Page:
Inception (2010)

Christopher Nolan supposedly started writing Inception a decade ago, when he was making Memento. I can see how it would take a long time to write. The labyrinthine, dream within a dream within a dream structure of Inception would have made rewrites confoundingly difficult. And in between, Nolan was writing and directing other complex films like The Prestige and The Dark Knight. Nolan has a real knack for reinventing fundamental genre films, whether its superhero movies or detective stories or, in the case of Inception, espionage films.

The plot of Inception is simplicity itself; the execution is mind-bogglingly complex. A corporate spy/con artist named Cobb (Leonardo DiCaprio) steals secrets from people. He's also in trouble with the law, and separated from his young children, whom he desperately wants to see again. The reason for Cobb's troubles has to do with his methods for extracting information from his marks: he infiltrates their minds, and steals the ideas he finds therein. This involves a complicated process requiring sedatives, some kind of mind-linking machine, and a dream architect who builds the subconscious landscapes in which Cobb and his team do their spy work. These dreamscapes tend to be pretty pedestrian, and so are the actions in the dreams. Foot chases, unexpected plot twists, and familiar faces all turn up. And this is also true -- in a dream, you don't know that you're dreaming -- that was Descartes' argument, anyway -- so Cobb's victims never realize they've been robbed. Cobb knows when he's dreaming and when he isn't -- although it may be the case that he's losing his mooring in reality, tripping on the dream-reality line. Some Cartesian skeptical confusion plays a key role in complicating Cobb's life, and is embodied (in his dreams) by his wife Mal (Marion Cotillard), who, for reasons I won't divulge, tends to turn up at the most inopportune times while he's at work.

Cobb's latest assignment is one that almost everyone thinks is impossible: inception, or implanting an idea in another person's mind. A powerful Japanese businessman named Saito (Ken Watanabe) hires Cobb to implant an idea in the mind of Robert Fischer (Cillian Murphy), the heir to a vast business empire. Saito wants Fischer to break up his corporation -- Cobb's role is to plant the germ of an idea that will grow so organically that Fischer will think he thought of it himself. Inception is far more complicated and dangerous than just swiping information, and Cobb knows the dangers first-hand -- it's an unpredictable process because once an idea takes hold, it takes on a life of its own. He takes the job because Saito promises to fix his problem so that he can be with his kids once more.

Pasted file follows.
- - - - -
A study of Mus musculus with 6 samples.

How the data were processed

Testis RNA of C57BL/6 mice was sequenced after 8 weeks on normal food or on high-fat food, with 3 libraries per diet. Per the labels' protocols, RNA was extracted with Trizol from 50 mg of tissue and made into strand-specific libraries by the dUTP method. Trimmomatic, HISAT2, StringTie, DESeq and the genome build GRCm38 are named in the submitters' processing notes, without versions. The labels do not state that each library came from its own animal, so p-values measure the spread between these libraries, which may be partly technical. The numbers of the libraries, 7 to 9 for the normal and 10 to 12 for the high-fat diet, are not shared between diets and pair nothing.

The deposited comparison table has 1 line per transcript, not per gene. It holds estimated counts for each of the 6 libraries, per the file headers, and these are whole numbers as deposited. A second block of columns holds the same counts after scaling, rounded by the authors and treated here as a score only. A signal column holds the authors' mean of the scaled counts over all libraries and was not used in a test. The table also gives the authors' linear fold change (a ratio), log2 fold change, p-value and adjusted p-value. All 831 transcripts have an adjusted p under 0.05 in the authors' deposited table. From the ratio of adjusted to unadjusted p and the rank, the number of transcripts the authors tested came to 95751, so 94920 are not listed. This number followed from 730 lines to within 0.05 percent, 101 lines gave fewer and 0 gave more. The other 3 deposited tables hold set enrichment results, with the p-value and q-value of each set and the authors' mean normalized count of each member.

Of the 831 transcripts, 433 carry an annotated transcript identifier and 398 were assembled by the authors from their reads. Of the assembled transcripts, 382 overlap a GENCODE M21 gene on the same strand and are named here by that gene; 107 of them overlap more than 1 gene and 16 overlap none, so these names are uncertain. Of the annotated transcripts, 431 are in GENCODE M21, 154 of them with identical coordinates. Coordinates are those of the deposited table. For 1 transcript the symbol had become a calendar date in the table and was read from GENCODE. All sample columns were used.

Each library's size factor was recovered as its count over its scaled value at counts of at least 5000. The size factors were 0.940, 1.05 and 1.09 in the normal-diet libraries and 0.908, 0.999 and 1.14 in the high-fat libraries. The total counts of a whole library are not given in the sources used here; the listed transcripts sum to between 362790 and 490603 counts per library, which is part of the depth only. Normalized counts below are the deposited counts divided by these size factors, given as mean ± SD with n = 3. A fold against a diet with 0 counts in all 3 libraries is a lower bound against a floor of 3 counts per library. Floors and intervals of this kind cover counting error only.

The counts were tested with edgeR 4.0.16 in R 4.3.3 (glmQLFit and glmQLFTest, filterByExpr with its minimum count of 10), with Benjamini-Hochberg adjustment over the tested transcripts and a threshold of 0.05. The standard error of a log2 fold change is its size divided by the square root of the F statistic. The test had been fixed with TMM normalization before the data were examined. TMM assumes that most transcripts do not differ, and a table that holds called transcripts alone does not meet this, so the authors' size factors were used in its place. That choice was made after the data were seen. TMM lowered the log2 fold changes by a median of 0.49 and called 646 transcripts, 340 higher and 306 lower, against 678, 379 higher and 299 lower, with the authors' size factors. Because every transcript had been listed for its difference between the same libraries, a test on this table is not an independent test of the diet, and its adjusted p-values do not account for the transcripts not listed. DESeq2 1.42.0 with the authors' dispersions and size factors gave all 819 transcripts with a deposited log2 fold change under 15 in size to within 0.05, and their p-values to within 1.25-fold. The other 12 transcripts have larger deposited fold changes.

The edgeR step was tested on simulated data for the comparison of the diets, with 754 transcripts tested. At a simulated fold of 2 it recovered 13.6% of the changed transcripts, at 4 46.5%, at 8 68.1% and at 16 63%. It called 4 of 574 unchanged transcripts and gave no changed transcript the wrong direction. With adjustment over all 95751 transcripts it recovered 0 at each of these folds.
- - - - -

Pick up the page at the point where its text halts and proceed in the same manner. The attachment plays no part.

And so, in true con movie style, Cobb assembles a team: there's Arthur (Joseph Gordon-Levitt), his right-hand man; Eames (Tom Hardy), a forger who's good at being someone else; Yusuf (Dileep Rao), a creative pharmacist; and Ariadne (Ellen Page), a young architect who is good at creating spaces. Cobb auditions the new recruit Ariadne -- named after the Ariadne who helped Theseus escape the Minotaur's labyrinth? -- by asking her to design a maze. 

Nolan designs a complicated multi-level labyrinth with Inception, with interlinked layers all operating in their own separate dreamspace and dreamtime. What happens in one subconscious layer affects what happens in the layers above and below it -- the dreams within the dreams unfold independently, but with their gears linked so that when one turns, so does another. But reality (such as it is) slips in too -- it's a running gag in the movie that one character's full bladder means a torrential downpour for the duration of the dream. Something that can infiltrate every layer simultaneously -- providing a kind of constant and signal for the dreamers -- is music. (Edith Piaf music, to be precise, bringing to mind Cotillard's best-known role).

Cinematographer Wally Pfister (who's been behind the camera for all of Nolan's features since Memento) does exceptional work in Inception, in a vast array of spaces -- bright beaches and crumbling cities, hotel rooms, elevator shafts, warehouses, the inside of a van during that torrential downpour. What Inception doesn't do is trade in fanciful, surreal, irrational dreamscapes of the sort that only exist in movies -- those, Cobb tells Ariadne, can tip off the dreamer-target, triggering the mind's rational defenses. The movie-goer's too. Part of what makes Inception work so well is that the dreams are mostly so ordinary, as most dreams are. They are anchored in reality, but also infiltrated by movies. This makes sense, given how dreamlike movies have always been, but also how movielike dreams (or at least my dreams) can be.  The stuff that happens to Cobb and Co. is the stuff that happens in, say, James Bond movies -- shoot 'em ups in the Alps, crazy cool car chases -- but also Matrix-y stuff like zero-gravity fight scenes (how do you pound a guy when there's no gravity?). The story manages to integrate, in a logical way, some pretty cool special effects too -- like a city that folds over on itself, and an Escherian infinite staircase.

Inception is an entertaning puzzle -- the dream within a dream (movie within a movie) multi-layer structure is demanding. Teasing apart the layers, keeping the whole tangled web straight requires more attention than your run-of-the-mill industrial espionage caper. Inception is smart and original, a nonderivative, non-remake, non-sequel, brand new thing that's constructed out of familiar pieces assembled in an uncommonly imaginative way.